Share | Email a Friend

For Want of a Spare Part

Peace & Freedom, the Magazine of the Women's International League for Peace & Freedom
Published April-June, 1996

The adage "For want of a nail the shoe is lost, for want of a shoe the horse is lost, for want of a horse the rider is lost" could well describe the effects of the almost six-year-old sanctions on Iraq: for want of a spare part the child is lost. Since 1991, between the effects of the Gulf War and sanctions, over 200,000 Iraqi children under five have died of preventable causes.

A special UNICEF report drafted three years ago by Canadian doctor Eric Hoskins documents how for want of spare parts, only 18 out of 152 garbage trucks were working at the time in Iraq’s three northern governates. With the whole country’s "solid waste collection and disposal system operating at less than 25 percent of pre-war capacity," Hoskins observed disease-breeding solid waste piled up in residential neighborhoods. With sanctions unchanged, these deplorable conditions can have only worsened.

The shortage of spare parts for water supply systems as well as chemicals for water purification kept Iraq’s water production at half of its pre-war level. Hoskins reports that the water is contaminated because only 25 out of 135 sewage pumps were working in Basra. Raw sewage was discharged directly into the Tigris, the main source of drinking water, and sewage backed up into putrid lakes in residential neighborhoods. Consequently, where there were 1,819 cases of typhoid fever in Iraq in 1989, there were 24,436 cases in 1994. The most recent report (1995) by the Food and Agriculture Organization (FAO) of the United Nations estimates that 42 percent of Iraq’s population of 20.7 million is less than 14 years old. Mainly urban (71 percent), before the Gulf War Iraq imported 70 percent of its food.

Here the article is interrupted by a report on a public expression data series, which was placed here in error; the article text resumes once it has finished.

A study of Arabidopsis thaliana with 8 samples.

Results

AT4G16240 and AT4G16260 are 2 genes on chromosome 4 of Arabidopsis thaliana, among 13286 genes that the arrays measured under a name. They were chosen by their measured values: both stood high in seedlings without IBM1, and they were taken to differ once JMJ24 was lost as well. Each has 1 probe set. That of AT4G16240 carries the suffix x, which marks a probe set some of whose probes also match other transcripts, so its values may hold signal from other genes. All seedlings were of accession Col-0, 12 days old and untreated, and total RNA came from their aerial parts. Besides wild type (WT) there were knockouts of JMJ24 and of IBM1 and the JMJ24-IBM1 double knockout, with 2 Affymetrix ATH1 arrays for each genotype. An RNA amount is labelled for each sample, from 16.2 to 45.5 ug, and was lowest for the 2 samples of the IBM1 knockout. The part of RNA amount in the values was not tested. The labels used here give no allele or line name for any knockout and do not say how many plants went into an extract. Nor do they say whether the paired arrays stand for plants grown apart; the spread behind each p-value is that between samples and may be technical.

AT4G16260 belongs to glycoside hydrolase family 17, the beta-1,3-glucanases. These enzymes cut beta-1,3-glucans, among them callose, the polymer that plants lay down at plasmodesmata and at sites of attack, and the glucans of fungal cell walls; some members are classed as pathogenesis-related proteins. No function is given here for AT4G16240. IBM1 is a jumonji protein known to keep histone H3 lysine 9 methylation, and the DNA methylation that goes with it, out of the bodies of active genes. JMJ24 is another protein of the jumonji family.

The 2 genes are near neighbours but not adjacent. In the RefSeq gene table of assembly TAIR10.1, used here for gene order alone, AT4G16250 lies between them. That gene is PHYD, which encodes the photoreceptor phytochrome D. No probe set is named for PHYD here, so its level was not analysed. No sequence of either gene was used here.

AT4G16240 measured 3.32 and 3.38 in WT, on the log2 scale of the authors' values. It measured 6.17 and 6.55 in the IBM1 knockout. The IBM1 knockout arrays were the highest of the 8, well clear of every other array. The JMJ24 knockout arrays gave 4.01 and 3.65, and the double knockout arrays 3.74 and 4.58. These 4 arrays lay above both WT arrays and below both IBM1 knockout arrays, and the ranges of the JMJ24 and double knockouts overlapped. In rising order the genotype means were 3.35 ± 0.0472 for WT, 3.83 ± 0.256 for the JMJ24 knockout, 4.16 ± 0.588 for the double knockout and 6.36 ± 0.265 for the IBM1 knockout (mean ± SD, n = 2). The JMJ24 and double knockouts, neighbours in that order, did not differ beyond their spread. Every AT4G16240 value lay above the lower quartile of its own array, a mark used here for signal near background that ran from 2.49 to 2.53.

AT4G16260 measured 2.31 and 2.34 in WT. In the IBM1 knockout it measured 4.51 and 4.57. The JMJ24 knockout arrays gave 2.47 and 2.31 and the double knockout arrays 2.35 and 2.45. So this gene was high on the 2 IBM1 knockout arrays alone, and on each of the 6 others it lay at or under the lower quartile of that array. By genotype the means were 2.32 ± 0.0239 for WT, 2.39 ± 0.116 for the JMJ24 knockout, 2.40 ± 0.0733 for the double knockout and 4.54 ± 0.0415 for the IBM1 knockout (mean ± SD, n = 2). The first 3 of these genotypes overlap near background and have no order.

With its economy based on oil production, the war and sanctions have created 70 percent unemployment, so that most Iraqi families have no money to buy medicine or food whose prices have skyrocketed. In Iraq in August 1995, the price of wheat flour, for example, was 11,667 times higher than it was in July 1990. The 1995 FAO report concludes that "malnutrition is widespread affecting nearly all social groups through (Iraq) with as many as 12 percent of children surveyed in Baghdad wasted and 28 percent stunted." The FAO put the cost of importing the basic food Iraq needed in 1995/96 at $2.7 billion.

The U.N. Security Council has offered to let Iraq sell $1 billion worth of oil every 90 days to buy food and medicine, an offer which Iraq is still negotiating because it feels the conditions of the sale infringe on its sovereignty. With all the deductions from the sale the Security Council has earmarked--$150 million for separate relief to the Kurds, $100 million to cover the expenses of the UN weapons inspection program, and $300 million as an installment towards the $180-190 billion claimants are seeking from the U.N. Compensation Fund for reparations—Iraq would be left with less than $10 per Iraqi per month for food and medicine, hardly enough to rescue children from disease and starvation.

Readers are free to print out articles or letters for personal use and to quote or paraphrase them in other work as long as fair use of the material is given proper credit. See the Chicago-Style Citation Quick Guide at for forms of attribution.